Crown Beach Reborn Again

Tons of sand from the bottom of the Bay restore Alameda’s main attraction.



Crown Memorial State Beach offers magnificent views of San Francisco, boasts easy pedestrian access, and has (relatively) warm water at its shore. The beach stretches 9,000 feet and attracts more than 600,000 visitors per year, making Crown Beach the longest and most heavily used beach on the Bay. And a shoreline that length needs lots of sand—which is why last fall the East Bay Regional Park District completed an almost $5.7 million project to replenish the park with approximately 82,000 cubic yards of the stuff.

The beach was created in the 1950s, when the area’s marshes were filled in to make room for new residential buildings. At that time, the city of Alameda managed it. In 1966, the regional park district agreed to take over management from the state of what was then known as Alameda Memorial State Beach—eventually renamed for Robert W. Crown, the state assemblyman who campaigned to protect the area—and in 1967, to run the city’s section of public beach as well. Fifteen years later, the park district used a heavier, coarse-grained sand to engineer a beach system that would protect the shoreline from erosion and offer Alameda residents a beautiful recreation area. Now Crown Memorial State Beach includes a marine reserve at Crab Cove and the Elsie Roemer Bird Sanctuary, a habitat for water and salt marsh birds.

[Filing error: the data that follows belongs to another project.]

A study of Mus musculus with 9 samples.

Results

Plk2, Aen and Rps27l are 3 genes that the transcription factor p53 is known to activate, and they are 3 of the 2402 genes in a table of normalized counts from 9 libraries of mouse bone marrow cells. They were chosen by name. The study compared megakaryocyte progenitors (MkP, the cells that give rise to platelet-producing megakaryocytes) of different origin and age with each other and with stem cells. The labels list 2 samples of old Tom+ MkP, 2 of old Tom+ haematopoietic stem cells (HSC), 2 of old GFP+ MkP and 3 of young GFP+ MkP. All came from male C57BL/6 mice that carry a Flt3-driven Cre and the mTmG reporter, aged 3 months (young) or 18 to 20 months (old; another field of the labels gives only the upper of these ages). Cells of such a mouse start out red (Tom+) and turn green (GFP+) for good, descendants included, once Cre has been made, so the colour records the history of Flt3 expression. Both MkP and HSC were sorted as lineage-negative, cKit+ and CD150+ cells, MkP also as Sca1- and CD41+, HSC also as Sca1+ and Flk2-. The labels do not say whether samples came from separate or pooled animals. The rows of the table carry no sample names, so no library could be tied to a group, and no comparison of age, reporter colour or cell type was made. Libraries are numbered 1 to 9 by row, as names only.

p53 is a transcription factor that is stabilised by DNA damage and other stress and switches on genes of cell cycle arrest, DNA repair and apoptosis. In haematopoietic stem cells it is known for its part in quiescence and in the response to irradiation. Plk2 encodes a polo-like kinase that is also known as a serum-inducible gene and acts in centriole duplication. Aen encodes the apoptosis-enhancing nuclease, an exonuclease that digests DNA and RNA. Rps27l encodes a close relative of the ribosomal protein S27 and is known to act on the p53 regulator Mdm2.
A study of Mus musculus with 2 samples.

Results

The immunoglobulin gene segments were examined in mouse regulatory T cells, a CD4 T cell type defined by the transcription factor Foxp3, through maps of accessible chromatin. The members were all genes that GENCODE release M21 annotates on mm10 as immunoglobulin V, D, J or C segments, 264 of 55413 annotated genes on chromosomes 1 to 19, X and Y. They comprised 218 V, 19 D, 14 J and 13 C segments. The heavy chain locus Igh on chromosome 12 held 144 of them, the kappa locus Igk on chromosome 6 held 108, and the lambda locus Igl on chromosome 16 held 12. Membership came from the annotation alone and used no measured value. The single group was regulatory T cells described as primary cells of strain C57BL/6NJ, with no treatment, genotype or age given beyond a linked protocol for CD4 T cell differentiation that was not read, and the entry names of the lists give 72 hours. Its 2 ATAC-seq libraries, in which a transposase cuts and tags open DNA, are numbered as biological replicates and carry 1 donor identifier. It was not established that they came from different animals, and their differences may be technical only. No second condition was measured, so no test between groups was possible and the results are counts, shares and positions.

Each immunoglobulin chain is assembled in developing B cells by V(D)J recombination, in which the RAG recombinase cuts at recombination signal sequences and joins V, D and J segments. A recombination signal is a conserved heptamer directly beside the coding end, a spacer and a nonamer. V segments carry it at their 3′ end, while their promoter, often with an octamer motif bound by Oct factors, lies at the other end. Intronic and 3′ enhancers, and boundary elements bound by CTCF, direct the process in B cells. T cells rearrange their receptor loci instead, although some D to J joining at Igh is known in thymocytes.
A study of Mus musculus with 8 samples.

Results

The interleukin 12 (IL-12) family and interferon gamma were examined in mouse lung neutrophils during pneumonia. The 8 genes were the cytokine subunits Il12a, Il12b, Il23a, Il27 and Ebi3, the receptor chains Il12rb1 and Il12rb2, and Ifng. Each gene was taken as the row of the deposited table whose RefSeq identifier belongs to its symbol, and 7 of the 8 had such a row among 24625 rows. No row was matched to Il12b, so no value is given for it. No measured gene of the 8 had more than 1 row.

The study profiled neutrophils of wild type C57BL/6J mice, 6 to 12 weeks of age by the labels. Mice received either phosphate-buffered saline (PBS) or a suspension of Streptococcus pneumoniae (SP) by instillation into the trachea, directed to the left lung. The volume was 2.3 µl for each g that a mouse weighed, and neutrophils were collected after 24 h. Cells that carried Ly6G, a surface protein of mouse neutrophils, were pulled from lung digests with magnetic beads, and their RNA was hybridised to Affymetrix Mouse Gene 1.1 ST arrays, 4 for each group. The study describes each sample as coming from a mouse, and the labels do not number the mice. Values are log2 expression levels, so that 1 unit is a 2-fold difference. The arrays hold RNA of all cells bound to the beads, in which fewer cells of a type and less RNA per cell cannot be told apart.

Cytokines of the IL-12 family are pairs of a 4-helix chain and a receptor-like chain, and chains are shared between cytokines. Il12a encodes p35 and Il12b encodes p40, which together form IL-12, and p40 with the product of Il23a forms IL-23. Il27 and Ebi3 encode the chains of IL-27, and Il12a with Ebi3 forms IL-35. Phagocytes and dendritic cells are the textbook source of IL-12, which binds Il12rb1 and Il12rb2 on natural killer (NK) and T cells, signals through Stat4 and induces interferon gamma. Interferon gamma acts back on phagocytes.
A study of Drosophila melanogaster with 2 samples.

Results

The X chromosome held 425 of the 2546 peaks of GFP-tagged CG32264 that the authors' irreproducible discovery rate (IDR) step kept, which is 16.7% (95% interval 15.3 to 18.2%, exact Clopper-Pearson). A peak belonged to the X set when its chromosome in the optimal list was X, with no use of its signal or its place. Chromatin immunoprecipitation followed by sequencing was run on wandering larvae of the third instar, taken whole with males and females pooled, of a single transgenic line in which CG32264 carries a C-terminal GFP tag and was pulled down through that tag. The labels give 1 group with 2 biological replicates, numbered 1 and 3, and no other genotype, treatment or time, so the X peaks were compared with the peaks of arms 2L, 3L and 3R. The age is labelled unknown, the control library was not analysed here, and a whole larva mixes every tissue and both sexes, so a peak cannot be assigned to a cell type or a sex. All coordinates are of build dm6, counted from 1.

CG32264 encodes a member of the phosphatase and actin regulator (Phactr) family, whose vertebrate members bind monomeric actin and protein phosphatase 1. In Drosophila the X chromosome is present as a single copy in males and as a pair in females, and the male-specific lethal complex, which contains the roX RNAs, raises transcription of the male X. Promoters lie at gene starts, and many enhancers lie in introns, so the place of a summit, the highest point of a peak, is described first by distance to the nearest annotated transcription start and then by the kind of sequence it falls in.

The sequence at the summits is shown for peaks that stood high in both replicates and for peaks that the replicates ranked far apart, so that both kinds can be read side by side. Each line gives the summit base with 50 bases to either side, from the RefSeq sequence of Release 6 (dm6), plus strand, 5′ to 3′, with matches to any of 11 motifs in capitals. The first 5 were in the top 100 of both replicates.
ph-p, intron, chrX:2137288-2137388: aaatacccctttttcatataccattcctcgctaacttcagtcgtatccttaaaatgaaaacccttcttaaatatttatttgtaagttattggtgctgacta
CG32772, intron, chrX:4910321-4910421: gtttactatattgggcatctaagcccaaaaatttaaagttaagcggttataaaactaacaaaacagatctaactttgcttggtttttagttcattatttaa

But between 1990 and 2006, Crown Beach lost more than 82,000 cubic yards of sand to both ordinary erosion and severe storms. In October, the park district began its effort to restore the beach to its 1987 footprint—the last time it was replenished—by mining sand through a dredge barge off Angel Island, transporting it to an offshore pump barge, and depositing it on the beach through a 14-inch pipe. Despite a few delays, the park district finished the job before the end of the year.

“The beach was intended as a low-cost solution to protect the shoreline from wave and wind erosion that would also allow for public recreation,” says Diane Althoff, the park district’s chief of design and construction. Althoff contributed to the early phases of the Crown Beach build in the 1980s. “Most of the people who use it don’t even realize all the protection it offers. When the beach was engineered, its projected life before it would need to be restored was 20 years. We pushed that to 25 years, but the beach has held up well.”

And it’s a good thing, too, since for many Alamedans, the beach plays an integral part in family memories.

“When my kids were young, we used to walk far, far out into the Bay when the tide was out,” says long-time resident Laurie Wagner. “It was magical to see what was on the Bay floor, but spooky, too, because you knew the tide would come back in. Even though my kids are older now, I still walk Crown Beach a couple times a week with friends—and I’m always touched to live so close to the water.”

Local birder and songwriter Deborah Crooks says Crown Beach is what makes Alameda home for her. “The new sand makes the park a nice walking beach again, a tranquil spot to check in with nature, especially in the early mornings or the evenings,” she says. “When I first moved to Alameda and went down to Crown Beach, I knew everything was going to be OK.”